From Everyday Science to Formalized Scientific Understanding: A Cognitive Instructional Approach to Seasonal Change

Directors: Tony Petrosino, Richard Lehrer and Leona Schauble
Funding: James S. McDonnell Foundation's Cognitive Studies in Educational Practice

 This study investigates opportunities for model-based reasoning that occur in a typical science classroom as students move conceptually from intuitive everyday understanding to more formalized scientific understanding. Researchers are identifying the qualitative knowledge that uninstructed students hold of a common everyday scientific phenomena (seasonal change). This initial phase is based on research previously conducted with similar age students. This task will provide evidence about the students' mental models of the seasons, including their notion of relevant variables, the functions of the system (earth-sun), and their understanding of the interrelations among them.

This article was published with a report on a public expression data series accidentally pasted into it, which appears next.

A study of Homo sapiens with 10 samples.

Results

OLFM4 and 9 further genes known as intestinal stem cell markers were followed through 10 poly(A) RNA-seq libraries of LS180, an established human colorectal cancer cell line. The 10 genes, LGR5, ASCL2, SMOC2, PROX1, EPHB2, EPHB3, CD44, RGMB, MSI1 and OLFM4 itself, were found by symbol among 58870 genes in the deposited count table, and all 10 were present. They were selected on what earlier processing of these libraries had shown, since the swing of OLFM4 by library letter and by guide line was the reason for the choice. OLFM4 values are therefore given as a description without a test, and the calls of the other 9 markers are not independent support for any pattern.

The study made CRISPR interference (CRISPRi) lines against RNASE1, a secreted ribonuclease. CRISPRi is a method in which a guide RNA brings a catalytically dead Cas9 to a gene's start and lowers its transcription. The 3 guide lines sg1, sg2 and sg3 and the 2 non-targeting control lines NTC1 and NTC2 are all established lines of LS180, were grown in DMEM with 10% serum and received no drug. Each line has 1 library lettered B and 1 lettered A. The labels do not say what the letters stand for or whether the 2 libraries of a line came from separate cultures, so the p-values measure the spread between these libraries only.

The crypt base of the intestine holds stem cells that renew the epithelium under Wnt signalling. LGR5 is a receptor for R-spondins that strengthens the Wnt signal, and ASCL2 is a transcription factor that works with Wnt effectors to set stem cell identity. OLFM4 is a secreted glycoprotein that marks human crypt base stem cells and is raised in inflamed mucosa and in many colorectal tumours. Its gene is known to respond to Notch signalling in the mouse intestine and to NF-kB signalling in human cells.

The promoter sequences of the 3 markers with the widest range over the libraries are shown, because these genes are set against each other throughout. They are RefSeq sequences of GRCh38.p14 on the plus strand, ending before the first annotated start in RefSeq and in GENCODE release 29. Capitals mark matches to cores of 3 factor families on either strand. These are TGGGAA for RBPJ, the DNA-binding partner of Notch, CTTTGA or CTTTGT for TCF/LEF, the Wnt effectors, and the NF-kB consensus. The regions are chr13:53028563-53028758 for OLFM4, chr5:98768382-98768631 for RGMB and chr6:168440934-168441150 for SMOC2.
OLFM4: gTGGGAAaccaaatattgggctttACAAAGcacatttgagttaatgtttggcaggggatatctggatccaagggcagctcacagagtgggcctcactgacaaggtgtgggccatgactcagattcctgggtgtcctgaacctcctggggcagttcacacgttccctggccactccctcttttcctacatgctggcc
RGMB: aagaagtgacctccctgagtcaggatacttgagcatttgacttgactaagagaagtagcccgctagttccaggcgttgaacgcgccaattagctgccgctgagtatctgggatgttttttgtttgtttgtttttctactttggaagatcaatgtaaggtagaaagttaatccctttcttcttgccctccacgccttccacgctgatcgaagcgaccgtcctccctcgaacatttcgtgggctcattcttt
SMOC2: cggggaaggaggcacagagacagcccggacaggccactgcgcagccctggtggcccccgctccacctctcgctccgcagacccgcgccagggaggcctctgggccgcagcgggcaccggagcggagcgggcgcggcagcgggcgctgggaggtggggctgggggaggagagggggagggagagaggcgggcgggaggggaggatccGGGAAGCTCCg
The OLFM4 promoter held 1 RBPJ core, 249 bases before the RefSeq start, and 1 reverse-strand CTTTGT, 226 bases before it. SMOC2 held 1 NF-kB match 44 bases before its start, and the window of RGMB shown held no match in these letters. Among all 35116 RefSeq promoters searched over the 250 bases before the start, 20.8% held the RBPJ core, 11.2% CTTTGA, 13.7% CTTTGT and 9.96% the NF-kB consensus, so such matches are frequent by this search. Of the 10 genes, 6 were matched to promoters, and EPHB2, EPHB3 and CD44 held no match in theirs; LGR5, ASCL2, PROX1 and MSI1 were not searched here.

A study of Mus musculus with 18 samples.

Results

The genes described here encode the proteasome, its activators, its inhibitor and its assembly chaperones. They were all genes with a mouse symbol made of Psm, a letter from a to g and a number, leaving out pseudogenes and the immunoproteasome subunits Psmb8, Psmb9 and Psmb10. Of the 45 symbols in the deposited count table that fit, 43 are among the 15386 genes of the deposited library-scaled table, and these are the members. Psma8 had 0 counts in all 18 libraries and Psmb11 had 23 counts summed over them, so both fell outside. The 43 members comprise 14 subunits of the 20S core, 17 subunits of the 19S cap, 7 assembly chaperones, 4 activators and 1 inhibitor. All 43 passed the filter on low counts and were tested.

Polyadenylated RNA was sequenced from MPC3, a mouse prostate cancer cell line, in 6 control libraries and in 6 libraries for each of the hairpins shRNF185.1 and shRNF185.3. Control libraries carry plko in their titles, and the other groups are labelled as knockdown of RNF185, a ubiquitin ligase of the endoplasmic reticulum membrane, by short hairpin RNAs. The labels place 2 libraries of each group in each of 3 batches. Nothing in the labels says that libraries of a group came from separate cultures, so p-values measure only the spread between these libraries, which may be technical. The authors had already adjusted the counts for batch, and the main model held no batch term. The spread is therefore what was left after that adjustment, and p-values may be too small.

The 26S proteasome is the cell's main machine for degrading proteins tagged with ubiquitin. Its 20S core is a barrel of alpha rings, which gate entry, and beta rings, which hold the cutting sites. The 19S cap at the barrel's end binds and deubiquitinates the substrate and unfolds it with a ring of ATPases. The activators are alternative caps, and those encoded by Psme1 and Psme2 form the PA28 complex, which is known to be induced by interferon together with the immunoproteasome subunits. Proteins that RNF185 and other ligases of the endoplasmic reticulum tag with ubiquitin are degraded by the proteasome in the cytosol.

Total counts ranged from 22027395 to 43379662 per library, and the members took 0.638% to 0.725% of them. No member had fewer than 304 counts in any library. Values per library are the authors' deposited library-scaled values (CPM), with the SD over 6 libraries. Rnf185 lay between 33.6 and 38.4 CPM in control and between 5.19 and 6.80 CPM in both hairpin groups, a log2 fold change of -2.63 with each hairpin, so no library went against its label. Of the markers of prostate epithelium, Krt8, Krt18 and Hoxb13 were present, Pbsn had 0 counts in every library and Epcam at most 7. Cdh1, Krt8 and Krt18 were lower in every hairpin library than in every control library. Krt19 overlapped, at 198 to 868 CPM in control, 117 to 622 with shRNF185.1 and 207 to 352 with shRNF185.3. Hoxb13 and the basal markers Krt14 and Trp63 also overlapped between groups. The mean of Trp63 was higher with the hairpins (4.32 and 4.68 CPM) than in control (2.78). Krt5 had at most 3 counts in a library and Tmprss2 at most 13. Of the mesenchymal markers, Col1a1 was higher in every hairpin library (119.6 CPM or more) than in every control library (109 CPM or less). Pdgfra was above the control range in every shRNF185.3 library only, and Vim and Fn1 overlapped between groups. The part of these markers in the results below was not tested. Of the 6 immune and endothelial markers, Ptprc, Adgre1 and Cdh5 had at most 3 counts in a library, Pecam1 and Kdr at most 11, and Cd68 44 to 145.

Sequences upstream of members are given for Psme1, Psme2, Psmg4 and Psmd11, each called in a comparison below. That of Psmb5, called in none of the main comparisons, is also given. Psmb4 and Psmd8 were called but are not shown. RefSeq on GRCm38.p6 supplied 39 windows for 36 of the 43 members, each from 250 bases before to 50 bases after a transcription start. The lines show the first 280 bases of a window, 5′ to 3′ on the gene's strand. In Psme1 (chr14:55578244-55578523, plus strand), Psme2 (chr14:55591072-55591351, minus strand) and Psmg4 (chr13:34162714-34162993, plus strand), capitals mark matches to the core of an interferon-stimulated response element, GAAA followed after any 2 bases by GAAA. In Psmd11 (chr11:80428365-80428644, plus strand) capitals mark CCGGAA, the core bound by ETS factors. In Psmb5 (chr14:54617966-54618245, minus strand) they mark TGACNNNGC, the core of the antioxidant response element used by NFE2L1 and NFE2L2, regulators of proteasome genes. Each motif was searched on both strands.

Next, through a bottom-up instructional approach, researchers hope to amplify and document the reasoning and meaning making that occurs in a typical public middle-school classroom when extended and systematic work takes place to explore a personally meaningful phenomenon or question.

Finally, researchers envision the use of the Internet and the World Wide Web in going from a classroom to a global community of practice. In verifying and revising theories, students will communicate and debate those theories, which will lead to more sophisticated explanatory models as well as allowing the students and teachers to belong to an expanding group of engaged peers. Access to climatic data from around the world as well as opportunities to engage with other classrooms will add a new dimension to the classroom community.